Shawn Talbot Photography

I joined British Airways as a “stewardess” in 1996, the same year that Westjet was born, serving Champagne and small bowls of salted cashews to international passengers who demanded luxury in the sky. Elegance and attention to detail was the name of the game.

But change was in the air. Ultra low cost carriers (ULCCs) such as Easyjet and Ryanair were becoming popular with customers who were happy to exchange their inflight frills for low fares. By 2016 Ryanair, once “the little guy” became the largest airline in Europe, in terms of passengers carried.

More than two decades later, Canada is facing its own low-cost revolution with WestJet-owned Swoop, which launched its first flight on Wednesday, and Flair, an already established ULCC.


The first thing to know about the tax-inclusive base fare is that it is almost never what you end up paying. Everything from hand baggage to a glass of water is considered extra.

Flair airlines refers to this model as “à la carte,” while Swoop claims its fares to be “unashamedly unbundled,” but the truth is that a base fare serves as a very effective marketing tool.

“We don’t deny that it’s the fare that gets people in,” says Swoop president Steven Greenway. “It’s the hook, and we’ve got to make sure that the fare is as low as possible so we can be competitive in the marketplace.”

Since it’s more expensive to take a carry-on item aboard the plane ($40.25) than to check a bag ($28.75), I chose to put my luggage in the hold, understanding that I would be limited to a “personal item” on board.

It’s worth checking the dimensions of your “personal item.” Small wheelie bags are a no-no, and even a school-sized backpack can be too big.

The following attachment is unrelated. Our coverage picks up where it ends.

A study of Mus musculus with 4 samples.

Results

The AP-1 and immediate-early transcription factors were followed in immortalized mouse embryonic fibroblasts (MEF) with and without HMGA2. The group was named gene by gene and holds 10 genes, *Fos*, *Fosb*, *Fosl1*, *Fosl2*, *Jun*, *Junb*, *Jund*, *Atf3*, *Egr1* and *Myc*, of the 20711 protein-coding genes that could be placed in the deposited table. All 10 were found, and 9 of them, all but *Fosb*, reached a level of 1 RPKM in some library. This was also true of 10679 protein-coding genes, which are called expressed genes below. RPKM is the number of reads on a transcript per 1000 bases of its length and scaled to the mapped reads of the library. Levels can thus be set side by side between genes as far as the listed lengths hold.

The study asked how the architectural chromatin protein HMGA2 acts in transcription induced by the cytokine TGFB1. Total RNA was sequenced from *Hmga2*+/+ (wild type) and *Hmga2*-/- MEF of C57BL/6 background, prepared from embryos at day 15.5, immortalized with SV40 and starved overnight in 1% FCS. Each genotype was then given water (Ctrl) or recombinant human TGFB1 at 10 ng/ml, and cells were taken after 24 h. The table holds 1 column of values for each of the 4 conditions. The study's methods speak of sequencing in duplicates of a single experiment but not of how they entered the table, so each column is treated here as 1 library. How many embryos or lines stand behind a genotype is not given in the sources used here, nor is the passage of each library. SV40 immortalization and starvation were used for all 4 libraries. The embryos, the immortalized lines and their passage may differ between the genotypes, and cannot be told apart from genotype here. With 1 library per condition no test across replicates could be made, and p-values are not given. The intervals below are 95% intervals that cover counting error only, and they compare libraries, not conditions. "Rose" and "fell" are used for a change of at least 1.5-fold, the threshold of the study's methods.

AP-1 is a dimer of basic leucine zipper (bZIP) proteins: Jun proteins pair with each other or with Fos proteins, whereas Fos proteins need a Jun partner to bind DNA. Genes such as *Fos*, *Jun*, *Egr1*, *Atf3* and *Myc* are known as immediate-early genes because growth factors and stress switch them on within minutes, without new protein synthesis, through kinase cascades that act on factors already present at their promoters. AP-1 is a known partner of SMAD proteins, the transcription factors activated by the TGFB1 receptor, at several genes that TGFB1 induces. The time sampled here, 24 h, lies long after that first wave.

The interiors of a WestJet Swoop plane.

SHAWN TALBOT PHOTOGRAPHY

As I breezed through security with only a messenger bag hanging comfortably on my shoulder, I felt a little sorry for some of my fellow travellers, lugging their great heavy wheelie bags toward other airlines. Travelling light, I felt liberated and a little smug.


Things got worse when I chose to buy the most substantial thing on the onboard snack menu: a large Mr. Noodles-brand Chicken Pho, for $4.99, served with a fork (no chopsticks, no spoon), and a Belgian Moon beer for $6.89.

I can tell you that slurping wet spicy noodle soup from Styrofoam while wedged in the confines of a tiny airline seat is nearly impossible. Worse still, my beer exploded as I opened it. “It’s the air pressure,” explained my flight attendant. Twenty years ago, I would never have handed a passenger a beer without opening it first – a small, intangible service gesture that costs nothing.

On arrival at Hamilton, with a patch of chili sauce on my shirt, and smelling ever-so-faintly of beer, I evaluated the overall flight experience.

Was it luxurious or elegant? No, but the flight was smooth, the service was friendly, and for roughly $100 I had escaped from the East Coast for a couple of days.

The only thing I would do differently next time is to bring a granola bar.